The Book of Jude may be the most overlooked book of the New Testament. With only one chapter it falls into the group with Philemon, 2 and 3 John. But all three of the others are quite personal, written to an individual Christian. But Jude was written either to a local church or to a small group of local churches with whom he was familiar. Most likely Jude is the half brother of Jesus but he didn’t call attention to that fact. Instead he identified himself as “A bondslave of Jesus” and “A brother of James.” He made no effort to claim a privilege since he was brought up in the same family with Jesus. Perhaps part of the reason Jude made no mention of such was that during those early days in the home, he didn’t believe in Jesus as the messiah, but saw him as an impostor (John 7:1-7). It was probably after the resurrection of Jesus that Jude saw the Lord in His new body and became, not just a follower, but a slave to Jesus.
Jude was never a well known servant of God. But James his brother was well known as an elder of the church in Jerusalem. Even though this church was huge and had some of the apostles as members, James seems to have been the face of the church and its chief leader. Besides that James had already written a New Testament book bearing his name. So, Jude can’t bring himself to claim human ties with Jesus, but can only see himself as a slave, but he can claim family ties with James. Jude likely served as the evangelist for a local church and it is most likely that his short letter was written to the very group with whom he had spent some years working as their preacher. I would guess that either he has gotten older and isn’t able to continue the work or he has moved on to another place to work for God. Either way he loves the church wherever it was and longs for what is best for them.
Jude desired to write a letter to these Christians who were kept by God, loved by Him and called by Him to serve in His kingdom. His plan was to write about the salvation they all shared. I wonder if he hadn’t already started this letter and may have been some ways along the road to completing it when the news reached him of what was happening in the church. False teachers had come into the church, secretly pushing strange notions about Jesus and the gospel. They had seemed like such good members, ready workers and capable teachers. But it was becoming obvious, at least to Jude that their motives weren’t pure and the mission wasn’t holy. Jude felt an urgency to write a different kind of letter than he had always planned to write. He needed to plead with the church to “Agonize, argue and plead for the faith once for all time delivered to the saints.
In every period people are ready to argue for their faith. When we see people changing things from what we have strongly believed to be right, we are ready to fight to the death for our faith. But that isn’t Jude’s plea. Our faith has to do with personal beliefs and ideas that may or may not be right. Our faith has to do with what seems comfortable and right to us. “The faith” is the standard message of God that produces faith in those who hear. Paul said he now preached the faith he once tried to destroy to the Galatians. He told the Romans that “Whoever called on the name of the Lord would be saved. But how can they call on him in whom they have not believed and how can they believe on him in whom they have not heard and how can they hear without a preacher. And how can they preach unless they are sent. As it is written how beautiful are the feet of those who bring good news of great joy.” Then in verse 17 of Romans 10 he said, “For faith comes by hearing and hearing by the word of God.”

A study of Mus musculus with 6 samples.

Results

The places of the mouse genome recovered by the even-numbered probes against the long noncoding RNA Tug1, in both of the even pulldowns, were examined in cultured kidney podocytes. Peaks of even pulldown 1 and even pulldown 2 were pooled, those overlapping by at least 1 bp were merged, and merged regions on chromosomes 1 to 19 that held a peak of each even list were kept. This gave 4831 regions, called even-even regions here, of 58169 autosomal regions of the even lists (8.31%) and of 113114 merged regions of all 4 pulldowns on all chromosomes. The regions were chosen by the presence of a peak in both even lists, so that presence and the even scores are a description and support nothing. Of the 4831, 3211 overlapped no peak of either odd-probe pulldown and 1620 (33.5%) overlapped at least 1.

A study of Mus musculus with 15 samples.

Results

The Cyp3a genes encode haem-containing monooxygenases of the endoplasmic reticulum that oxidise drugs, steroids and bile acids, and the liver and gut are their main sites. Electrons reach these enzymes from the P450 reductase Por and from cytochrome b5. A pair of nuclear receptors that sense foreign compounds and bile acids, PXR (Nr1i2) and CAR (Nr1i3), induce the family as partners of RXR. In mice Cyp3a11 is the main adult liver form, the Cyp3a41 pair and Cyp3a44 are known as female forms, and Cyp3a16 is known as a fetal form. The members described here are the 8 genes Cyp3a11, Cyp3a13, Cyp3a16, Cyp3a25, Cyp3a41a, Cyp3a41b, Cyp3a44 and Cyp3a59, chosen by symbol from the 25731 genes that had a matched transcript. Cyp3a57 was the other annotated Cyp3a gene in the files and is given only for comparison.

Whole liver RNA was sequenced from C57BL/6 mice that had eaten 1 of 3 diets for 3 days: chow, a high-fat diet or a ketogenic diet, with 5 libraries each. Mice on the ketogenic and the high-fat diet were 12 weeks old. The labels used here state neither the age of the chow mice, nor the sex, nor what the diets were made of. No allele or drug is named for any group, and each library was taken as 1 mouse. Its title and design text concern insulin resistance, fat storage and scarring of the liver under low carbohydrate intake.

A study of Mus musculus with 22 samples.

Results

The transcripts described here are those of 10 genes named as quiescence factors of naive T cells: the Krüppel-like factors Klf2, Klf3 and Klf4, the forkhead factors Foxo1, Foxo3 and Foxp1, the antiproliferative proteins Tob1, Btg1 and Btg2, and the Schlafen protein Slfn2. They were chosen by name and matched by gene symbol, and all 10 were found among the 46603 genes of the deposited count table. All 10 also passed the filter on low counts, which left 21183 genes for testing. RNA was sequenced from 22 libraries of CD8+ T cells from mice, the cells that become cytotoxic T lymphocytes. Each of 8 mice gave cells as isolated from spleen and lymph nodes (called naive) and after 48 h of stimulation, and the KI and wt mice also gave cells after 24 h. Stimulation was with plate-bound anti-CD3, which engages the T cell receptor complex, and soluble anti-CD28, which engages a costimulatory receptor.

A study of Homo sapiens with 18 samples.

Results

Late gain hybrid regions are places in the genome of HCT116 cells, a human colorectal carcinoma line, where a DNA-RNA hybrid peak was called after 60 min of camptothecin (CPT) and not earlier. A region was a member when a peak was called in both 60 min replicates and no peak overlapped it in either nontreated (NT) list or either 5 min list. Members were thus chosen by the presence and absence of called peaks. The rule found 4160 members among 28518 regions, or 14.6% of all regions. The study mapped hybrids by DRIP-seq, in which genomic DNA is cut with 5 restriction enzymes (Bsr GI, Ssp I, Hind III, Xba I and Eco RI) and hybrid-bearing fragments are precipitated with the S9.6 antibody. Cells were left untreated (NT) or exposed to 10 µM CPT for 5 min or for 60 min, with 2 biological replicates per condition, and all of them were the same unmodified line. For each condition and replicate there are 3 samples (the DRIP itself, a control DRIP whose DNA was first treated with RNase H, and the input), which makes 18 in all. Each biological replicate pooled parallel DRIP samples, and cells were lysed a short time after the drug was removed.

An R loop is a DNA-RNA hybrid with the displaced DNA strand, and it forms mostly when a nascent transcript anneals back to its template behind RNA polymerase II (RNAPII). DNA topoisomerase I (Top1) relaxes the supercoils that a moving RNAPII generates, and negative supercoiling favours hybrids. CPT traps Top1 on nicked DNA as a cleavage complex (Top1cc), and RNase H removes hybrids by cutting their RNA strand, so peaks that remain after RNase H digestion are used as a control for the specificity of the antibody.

The faith is the message of God that produces faith in a person’s life. Our faith may change but the faith remains unchangeable. Our faith often has to do with expedient ways of doing what God tells us to do. Our faith fits the time and situation we are in. But the faith is the core message of God’s word. This message has been once for all time delivered to the saints or God’s people. The faith has in it those things that are bound by God and those things that are loosed by Him and left to our digression.
Two major dangers are always there with regard to the church and the faith. One is that we will do like the false teachers of whom Jude wrote and turn the grace of God into a licence to do as we please. The other is that we will follow the false teachers referred to in Galatians who turned from the grace of God to law, making regulations about all kinds of things that God meant to be matters of liberty. When we fall into either one of these traps it leads us away from God’s word and from His will for our lives.
The plea for us to “Contend earnestly for the faith” is a powerful plea. Standing for the word of God in every generation has been a challenge. All too often people think they are contending for the faith when they are simply arguing for the way they have always seen a thing done. Every command of God authorizes those things that are expedient in carrying out the command. But it is only the command that is part of the faith and the expedient way to obey it may be extremely different in one generation from another.
It would be worth our time for each of us to make a list of things we recognize as “The faith” and another list of things that we realize are part of our faith or things that are expedient ways of carrying out God’s commands in our generation. If different ones made such a list and compared them with others it would likely amaze us to find that many things on our “The faith” list are on other’s “Our faith” list. It is a good place to begin “Putting all things to the test and hold on to what is good.”